Oak Harbor’s serial killer gets another chance to live

Robert Yates - Courtesy of KIRO TV
Robert Yates
— image credit: Courtesy of KIRO TV

On Sept. 11, the justices of the state Supreme Court issued a stay of execution for Oak Harbor High School graduate Robert Yates, who also happens to be one of the nation’s most prolific serial killers.

While attorneys expected the stay, this may be Yates’ last chance for an appeal before he faces the lethal needle or noose.

Two Oak Harbor residents, Margaret Dettman and her daughter Debra Fine, were in a Pierce County Court with Yates Sept. 5 to witness a judge signing the killer’s death warrant. He was scheduled to be put to death Sept. 19, but the Supreme Court ruling puts a hold on that.

Dettman and Fine have a very personal interest in Yates. He killed Shawn Johnson — Dettman’s daughter and Fine’s sister — just before Christmas of 1997. It’s a strange irony that they ended up living in Yates’ hometown and Dettman even briefly attended the church he helped build.

Dettman said she feels that justice was accomplished in Yates’ case and that the death penalty is part of that justice.

“I’ll be so relieved when this case is over with and I won’t have to see his face ever again,” she said. “I don’t want to have to think about him sitting in his prison cell anymore.”

Yates was convicted of killing 15 people. He murdered 10 women, including Johnson, who he picked up in Spokane’s “skid row” area from 1996 to 1998. He also admitted to killing one woman he dumped in Skagit County in 1988. He was convicted of killing two women in Pierce County, which were the crimes that ultimately earned him the death penalty.

Yates’ first victims were a couple he shot in a woods outside Walla Walla. Ironically, Yates worked at the state penitentiary in Walla Walla as a prison guard that year. Now he sits on death row in the same prison.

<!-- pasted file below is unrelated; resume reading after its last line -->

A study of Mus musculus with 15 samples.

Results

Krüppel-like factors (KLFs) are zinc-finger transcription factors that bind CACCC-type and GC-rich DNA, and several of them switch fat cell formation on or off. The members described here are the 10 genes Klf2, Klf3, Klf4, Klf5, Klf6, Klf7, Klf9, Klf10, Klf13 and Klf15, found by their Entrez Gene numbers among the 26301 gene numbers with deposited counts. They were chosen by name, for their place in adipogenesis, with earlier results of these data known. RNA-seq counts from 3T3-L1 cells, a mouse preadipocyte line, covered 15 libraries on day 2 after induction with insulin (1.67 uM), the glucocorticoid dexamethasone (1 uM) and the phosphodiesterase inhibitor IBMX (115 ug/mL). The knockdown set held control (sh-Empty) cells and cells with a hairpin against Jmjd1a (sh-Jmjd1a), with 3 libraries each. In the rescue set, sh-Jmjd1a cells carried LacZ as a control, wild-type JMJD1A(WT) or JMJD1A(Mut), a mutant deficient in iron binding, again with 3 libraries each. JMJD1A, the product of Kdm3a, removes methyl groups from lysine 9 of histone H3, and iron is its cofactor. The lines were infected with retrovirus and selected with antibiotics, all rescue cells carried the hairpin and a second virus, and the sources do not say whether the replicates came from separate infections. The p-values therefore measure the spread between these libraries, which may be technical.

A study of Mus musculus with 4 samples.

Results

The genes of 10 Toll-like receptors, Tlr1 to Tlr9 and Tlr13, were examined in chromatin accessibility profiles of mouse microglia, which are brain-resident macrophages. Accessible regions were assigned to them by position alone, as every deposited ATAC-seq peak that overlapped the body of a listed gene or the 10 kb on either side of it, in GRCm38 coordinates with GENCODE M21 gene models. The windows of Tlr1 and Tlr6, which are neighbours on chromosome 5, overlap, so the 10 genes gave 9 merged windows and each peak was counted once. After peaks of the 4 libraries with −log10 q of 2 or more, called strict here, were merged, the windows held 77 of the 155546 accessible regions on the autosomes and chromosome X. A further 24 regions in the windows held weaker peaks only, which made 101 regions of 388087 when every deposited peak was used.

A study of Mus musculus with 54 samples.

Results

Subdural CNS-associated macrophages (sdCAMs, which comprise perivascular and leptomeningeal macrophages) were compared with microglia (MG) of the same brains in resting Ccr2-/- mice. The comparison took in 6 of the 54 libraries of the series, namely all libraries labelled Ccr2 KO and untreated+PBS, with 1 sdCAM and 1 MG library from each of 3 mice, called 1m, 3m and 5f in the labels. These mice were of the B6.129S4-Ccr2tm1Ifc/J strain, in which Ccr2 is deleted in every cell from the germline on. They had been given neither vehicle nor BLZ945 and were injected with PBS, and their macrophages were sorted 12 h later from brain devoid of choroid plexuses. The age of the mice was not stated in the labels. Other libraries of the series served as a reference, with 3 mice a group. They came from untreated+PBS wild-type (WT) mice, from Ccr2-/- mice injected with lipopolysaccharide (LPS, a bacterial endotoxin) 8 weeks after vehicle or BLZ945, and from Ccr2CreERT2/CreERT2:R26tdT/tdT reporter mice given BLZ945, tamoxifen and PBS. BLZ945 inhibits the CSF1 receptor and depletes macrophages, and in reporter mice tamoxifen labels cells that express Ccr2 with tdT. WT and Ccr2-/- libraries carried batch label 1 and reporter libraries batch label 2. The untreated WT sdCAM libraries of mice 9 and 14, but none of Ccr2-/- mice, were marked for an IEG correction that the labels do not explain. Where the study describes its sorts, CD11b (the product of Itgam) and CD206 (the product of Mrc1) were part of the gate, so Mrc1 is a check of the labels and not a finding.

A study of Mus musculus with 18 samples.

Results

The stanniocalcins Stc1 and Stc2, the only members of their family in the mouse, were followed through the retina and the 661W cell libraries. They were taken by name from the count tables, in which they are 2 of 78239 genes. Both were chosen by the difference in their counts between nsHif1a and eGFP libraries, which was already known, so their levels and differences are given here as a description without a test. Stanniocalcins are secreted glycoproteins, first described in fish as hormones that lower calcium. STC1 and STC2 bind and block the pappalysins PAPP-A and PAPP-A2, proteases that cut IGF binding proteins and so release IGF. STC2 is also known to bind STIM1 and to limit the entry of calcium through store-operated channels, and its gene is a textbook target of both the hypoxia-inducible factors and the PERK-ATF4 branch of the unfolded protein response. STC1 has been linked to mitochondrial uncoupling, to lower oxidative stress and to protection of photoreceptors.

Yates was a 1970 graduate of Oak Harbor High School. A few of the people who remember him from school say he was a quiet, unremarkable boy who was a good pitcher on the high school team.

Jim Waller, the recently-retired baseball coach, played baseball with Yates in high school. Yates was a year older and they weren’t close friends, but Waller said his former teammate seemed perfectly normal.

“After he was arrested, it kind of shocked everyone around here,” Waller said. “He was a mild-mannered, quiet guy, without any kind of temper.”

Waller said it’s a weird feeling knowing that someone you used to spend time with may be executed.

The Yates family lived in a Barrington Drive home. Father and son helped build the Seventh-day Adventist Church. His father, Bob Yates, Sr., was in the civil service at the Navy base and his mother, Anna May Yates, worked at Whidbey General Hospital. She was sick while Yates was in high school and died of cancer in 1976. Yates also worked at the hospital, but the details of his employment were lost over time.

Perhaps it’s fitting that all these years later, the family of one of Yates’ victims has appropriated his hometown. Shawn Johnson’s oldest son and his wife, along with Johnson’s mother and sister, now live in Oak Harbor.

“Her other sons comes up to visit,” Dettman said.

If Yates is ultimately executed, Dettman said she’s not sure it would bring any sense of closure to the family; nothing has done that so far. She and Fine have gone to many court hearings, but she’s not sure she would want to be there when — and if — he’s put to death.

“We weren’t asked and I don’t know what I would say if they do ask,” she said.